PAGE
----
How to Choose More Authentic, More Engaging Stock Imagery


So, we put together some tips and tricks—enlisting the help of Kat Hargrave, one of our own art directors—to help you find stock imagery that feels real and makes a connection.

Search for specific actions, not just emotions

It’s easy to write “happy couple” into a search term box and hope to get the right image. But to get more natural‑feeling stock images, be more specific with the actions that couple is taking. Think of situations where a happy couple would be, like “couple lunch outdoors” or “sharing a cup of coffee”, and you’ll find more candid, more genuine shots.

“It’s important to remember that emotion isn’t binary and will look forced at the extremes,” says Hargrave. “If someone is trying to look very happy, it’s likely your audience won’t believe that image, compared to someone looking naturally content.”

Think critically about your specific industry

The specificity of search terms will apply differently depending on your industry. “I find that business and financial images can often feel staged and forced,” says Hargrave. If you’re searching for business images, try searching for people working in a café rather than an office. Instead of searching just for general travel images, try getting very specific, searching for unique locations—like a beach in Thailand instead of the Statue of Liberty.

Try using pets, babies, and young people as your subjects

The number one reason a stock image can feel fake is because the subject is trying to look a certain way. Babies and pets don’t know how to act in these ways, so you’ll often get a more genuine‑looking image.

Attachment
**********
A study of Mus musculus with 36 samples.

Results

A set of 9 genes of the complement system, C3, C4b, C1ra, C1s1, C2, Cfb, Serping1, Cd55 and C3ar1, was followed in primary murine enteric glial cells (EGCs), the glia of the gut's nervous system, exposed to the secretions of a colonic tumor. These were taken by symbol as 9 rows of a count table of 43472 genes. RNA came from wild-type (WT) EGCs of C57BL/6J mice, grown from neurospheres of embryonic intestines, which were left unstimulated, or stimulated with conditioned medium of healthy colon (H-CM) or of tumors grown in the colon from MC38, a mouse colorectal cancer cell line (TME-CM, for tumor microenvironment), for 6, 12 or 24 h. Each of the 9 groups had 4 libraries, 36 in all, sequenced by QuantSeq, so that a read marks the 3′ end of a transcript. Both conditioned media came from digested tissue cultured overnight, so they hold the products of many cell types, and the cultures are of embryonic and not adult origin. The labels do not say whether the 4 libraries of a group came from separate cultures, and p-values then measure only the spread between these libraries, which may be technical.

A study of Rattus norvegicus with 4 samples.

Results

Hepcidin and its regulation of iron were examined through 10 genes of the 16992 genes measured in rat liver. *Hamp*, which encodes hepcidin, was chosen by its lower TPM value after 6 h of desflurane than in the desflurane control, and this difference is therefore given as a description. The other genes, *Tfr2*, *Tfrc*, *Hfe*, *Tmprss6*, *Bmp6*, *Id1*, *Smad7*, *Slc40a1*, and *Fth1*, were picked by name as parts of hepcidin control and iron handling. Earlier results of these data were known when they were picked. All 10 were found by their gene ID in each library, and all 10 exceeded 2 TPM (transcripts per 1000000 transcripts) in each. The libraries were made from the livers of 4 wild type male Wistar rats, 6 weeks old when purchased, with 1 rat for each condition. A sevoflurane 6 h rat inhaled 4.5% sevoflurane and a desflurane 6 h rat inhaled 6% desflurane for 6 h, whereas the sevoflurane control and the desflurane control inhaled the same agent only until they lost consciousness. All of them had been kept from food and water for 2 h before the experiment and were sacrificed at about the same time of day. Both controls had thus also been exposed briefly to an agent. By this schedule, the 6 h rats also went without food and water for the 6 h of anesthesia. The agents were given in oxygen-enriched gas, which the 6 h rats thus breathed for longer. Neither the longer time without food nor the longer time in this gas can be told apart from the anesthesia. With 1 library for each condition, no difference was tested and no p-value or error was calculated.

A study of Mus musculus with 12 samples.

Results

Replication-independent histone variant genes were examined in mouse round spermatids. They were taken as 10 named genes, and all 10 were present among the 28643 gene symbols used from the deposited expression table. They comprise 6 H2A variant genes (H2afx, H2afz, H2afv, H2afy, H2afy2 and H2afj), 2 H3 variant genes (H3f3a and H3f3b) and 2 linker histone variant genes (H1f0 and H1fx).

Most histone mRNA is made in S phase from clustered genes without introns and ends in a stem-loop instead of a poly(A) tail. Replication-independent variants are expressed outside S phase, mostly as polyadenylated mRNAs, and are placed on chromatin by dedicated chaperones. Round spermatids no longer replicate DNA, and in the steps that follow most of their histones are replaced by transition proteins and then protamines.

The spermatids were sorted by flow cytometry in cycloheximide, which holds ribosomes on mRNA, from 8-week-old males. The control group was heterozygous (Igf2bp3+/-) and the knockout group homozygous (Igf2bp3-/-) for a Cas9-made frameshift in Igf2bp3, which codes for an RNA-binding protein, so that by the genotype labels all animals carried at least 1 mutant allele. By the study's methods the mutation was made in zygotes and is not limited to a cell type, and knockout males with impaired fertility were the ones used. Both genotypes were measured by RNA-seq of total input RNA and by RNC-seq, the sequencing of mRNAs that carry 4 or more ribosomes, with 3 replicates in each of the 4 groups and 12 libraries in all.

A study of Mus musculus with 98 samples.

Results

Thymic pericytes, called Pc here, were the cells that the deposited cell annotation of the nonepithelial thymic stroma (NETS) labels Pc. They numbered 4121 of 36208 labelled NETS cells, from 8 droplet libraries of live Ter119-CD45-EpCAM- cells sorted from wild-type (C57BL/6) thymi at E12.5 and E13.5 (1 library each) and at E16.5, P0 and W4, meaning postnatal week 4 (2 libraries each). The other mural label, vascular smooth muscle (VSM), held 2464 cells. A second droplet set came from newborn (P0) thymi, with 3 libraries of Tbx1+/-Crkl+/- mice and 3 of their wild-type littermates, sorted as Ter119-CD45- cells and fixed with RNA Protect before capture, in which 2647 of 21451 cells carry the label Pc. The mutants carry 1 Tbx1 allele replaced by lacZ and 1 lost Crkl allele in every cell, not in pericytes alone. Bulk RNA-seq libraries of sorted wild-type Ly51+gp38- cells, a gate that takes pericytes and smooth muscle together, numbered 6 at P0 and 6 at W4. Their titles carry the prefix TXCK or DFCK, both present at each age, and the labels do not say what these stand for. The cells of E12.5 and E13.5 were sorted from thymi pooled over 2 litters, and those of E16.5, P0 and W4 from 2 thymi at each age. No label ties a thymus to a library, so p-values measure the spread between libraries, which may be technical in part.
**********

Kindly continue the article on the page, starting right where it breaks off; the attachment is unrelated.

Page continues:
For object imagery, be honest about what’s authentic

It’s not just imagery of people that can be forced. If you’re looking for an image of an object, say a bowl of cereal, be sure to find one that depicts that item in its natural environment. But remember not to choose an image that is too stylized. Kitchens in real life often have a bit of messiness and won’t have objects laid out perfectly. Find that bowl of cereal in its natural environment, but don’t be afraid to show some natural clutter.

Abstract, stylized imagery can be effective if chosen correctly

If you do want a very stylized stock image, it’s best to go with something that’s clearly abstract. The cereal from above, for example, could be depicted on a bright pink surface with nothing else in the shot. For lifestyle imagery, Hargrave recommends searching the term “lifestyle colorful background”, as it will give you color‑blocked backgrounds. Though these are technically staged, the image will actually feel more effective.

Use simple illustrations to drive your point home

When it comes to illustration, the irony is that the more realistic and “authentic” that illustration is trying to be, the less emotional impact it will have on your audience. Be sure to pick illustrations with small color palettes (perhaps with one bright contrast color) to tell an effective story—and avoid any attempts at over‑shading and hyper‑realistic depictions.

Use the word “concept” in your searches for interesting results

Searching for an overused situation, like businessmen shaking hands, can yield tired results. Instead, think of the figurative concept you’re trying to portray. In this case, it might be collaboration, friendship, or resolution. “If you add the word ‘concept’ after your search terms,” says Hargrave, “you might actually find interesting, metaphorical depictions of the situation that you hadn’t thought of.”

Ready to find more compelling stock imagery? Dive into a search on iStock now.